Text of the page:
Thursday, 6 October 2011

Positive attitudes towards human rights

I have just been reading the excellent 'Paul Sieghart Memorial Lecture' (2004) by Baroness Hale, on the topic of Human Righsts and Mental Health. Hale makes some really key points and speaks in some detail about the need for positive attitudes towards human rights.

With reference to research carried out by Jenny Watson of the British Insitute of Human Rights (pub. 2002) hale argued that "a great deal of what goes on in hospitals and care homes betrays a lack of proper respect for patients' and residents' privacy and autonomy."

I am very much inclined to agree with Hale here. In particular  I concur fully with her opinion that "promoting a positive attitude to rights could be a much more effective way of attaining proper standards than the big stick of criminal or civil liability, or even the care standards act..."

Speaking specifically about Mental Health care, Hale suggests that "if everyone in the mental health and community care services were imbuded with an committed to those [human rights] values, I am sure it would do much more...than any number of cases in the courts."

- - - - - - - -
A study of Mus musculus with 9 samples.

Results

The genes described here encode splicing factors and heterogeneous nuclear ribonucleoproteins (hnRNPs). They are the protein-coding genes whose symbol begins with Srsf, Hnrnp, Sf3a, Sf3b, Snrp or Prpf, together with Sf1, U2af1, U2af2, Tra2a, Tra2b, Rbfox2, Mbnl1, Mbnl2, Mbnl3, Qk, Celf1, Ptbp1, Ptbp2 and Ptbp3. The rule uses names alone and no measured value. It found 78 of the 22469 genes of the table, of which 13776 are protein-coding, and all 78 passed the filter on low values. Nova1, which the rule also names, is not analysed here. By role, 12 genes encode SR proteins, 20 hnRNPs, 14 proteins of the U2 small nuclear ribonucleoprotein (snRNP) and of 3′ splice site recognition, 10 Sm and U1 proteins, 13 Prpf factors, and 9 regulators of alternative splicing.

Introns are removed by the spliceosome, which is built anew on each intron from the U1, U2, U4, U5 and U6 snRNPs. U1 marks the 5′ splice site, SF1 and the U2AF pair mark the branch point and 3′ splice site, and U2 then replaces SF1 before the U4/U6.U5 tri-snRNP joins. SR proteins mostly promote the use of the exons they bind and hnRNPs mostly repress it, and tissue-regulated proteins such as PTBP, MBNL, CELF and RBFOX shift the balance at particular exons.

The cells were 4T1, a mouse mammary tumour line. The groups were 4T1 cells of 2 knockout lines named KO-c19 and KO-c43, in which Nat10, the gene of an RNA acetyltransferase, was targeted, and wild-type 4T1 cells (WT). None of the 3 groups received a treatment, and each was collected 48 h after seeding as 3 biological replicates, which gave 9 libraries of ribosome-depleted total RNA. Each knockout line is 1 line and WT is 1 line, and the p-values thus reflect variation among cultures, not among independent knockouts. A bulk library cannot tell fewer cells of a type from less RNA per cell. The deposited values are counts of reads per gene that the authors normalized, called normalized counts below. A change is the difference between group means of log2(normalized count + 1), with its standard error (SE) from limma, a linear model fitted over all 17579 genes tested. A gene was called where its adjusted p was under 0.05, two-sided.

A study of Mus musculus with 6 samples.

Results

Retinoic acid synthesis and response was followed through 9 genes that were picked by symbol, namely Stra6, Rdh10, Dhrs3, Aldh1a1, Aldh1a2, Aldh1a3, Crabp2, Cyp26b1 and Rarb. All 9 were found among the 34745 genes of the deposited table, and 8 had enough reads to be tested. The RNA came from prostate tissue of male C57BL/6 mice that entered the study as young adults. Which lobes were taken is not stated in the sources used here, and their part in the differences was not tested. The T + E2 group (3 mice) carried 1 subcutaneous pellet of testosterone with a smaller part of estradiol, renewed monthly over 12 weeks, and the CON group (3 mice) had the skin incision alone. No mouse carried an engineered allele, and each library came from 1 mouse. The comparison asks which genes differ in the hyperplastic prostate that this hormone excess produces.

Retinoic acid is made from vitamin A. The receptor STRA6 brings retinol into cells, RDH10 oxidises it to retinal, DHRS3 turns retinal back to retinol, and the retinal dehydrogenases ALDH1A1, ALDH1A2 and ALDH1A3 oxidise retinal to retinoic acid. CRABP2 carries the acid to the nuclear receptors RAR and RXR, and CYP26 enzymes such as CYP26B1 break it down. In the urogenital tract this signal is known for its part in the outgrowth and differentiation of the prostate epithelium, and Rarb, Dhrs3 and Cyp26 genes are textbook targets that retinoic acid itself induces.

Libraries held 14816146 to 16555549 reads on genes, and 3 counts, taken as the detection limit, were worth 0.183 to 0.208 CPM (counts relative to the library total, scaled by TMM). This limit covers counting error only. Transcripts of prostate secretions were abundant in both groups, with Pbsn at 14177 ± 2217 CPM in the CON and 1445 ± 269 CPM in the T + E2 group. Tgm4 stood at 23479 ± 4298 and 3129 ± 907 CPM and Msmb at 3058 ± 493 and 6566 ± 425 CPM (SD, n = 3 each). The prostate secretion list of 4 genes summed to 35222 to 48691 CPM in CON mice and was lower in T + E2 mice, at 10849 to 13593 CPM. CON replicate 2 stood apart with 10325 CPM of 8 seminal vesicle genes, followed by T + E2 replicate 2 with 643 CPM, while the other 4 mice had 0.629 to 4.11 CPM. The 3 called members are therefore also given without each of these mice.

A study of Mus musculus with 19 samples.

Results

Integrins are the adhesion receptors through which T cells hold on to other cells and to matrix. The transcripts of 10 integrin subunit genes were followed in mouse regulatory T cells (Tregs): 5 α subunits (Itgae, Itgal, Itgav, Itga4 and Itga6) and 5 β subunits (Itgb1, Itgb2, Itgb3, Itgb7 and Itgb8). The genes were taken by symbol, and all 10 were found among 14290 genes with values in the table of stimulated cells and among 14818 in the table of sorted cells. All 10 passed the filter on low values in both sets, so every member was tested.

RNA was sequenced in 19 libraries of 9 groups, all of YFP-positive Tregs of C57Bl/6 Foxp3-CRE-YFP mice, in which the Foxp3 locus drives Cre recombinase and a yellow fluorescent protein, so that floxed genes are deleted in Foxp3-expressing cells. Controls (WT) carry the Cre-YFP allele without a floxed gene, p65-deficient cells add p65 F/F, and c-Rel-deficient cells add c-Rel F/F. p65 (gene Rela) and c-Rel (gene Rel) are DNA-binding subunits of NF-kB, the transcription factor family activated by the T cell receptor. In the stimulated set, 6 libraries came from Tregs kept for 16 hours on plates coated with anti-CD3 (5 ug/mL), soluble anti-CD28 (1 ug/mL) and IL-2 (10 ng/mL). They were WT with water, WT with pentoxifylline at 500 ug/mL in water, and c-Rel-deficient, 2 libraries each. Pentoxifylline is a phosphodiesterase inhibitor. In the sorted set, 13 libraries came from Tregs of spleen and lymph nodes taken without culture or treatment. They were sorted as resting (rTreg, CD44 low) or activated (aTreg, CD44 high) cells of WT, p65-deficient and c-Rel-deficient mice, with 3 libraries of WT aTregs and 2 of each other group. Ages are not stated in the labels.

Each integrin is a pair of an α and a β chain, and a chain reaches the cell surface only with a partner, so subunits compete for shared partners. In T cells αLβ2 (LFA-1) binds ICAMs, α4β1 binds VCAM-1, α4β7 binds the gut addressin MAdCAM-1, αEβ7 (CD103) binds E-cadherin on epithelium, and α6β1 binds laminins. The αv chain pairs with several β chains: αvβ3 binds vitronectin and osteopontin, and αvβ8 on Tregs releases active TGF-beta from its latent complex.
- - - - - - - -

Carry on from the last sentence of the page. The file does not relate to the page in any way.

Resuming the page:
1 comment:

  1. Thanks to certain individuals in our government (Cameron, Theresa May) and certain newspapers any credibility the Human Rights Act once had with the general populace now seems to have been well and truly destroyed. Of course, we are all very fortunate in the UK that we don't have to worry about our human rights on a daily basis. Using ridiculous (and untrue) examples to mock the HRA is a very serious and incredibly harmful approach.

    Our government should look at the international picture. Human rights are essential and we, as a civilised, democratic society should stop undermining their value and start appreciating the fact that lives are being improved tremendously and in some instances saved by human rights legislation.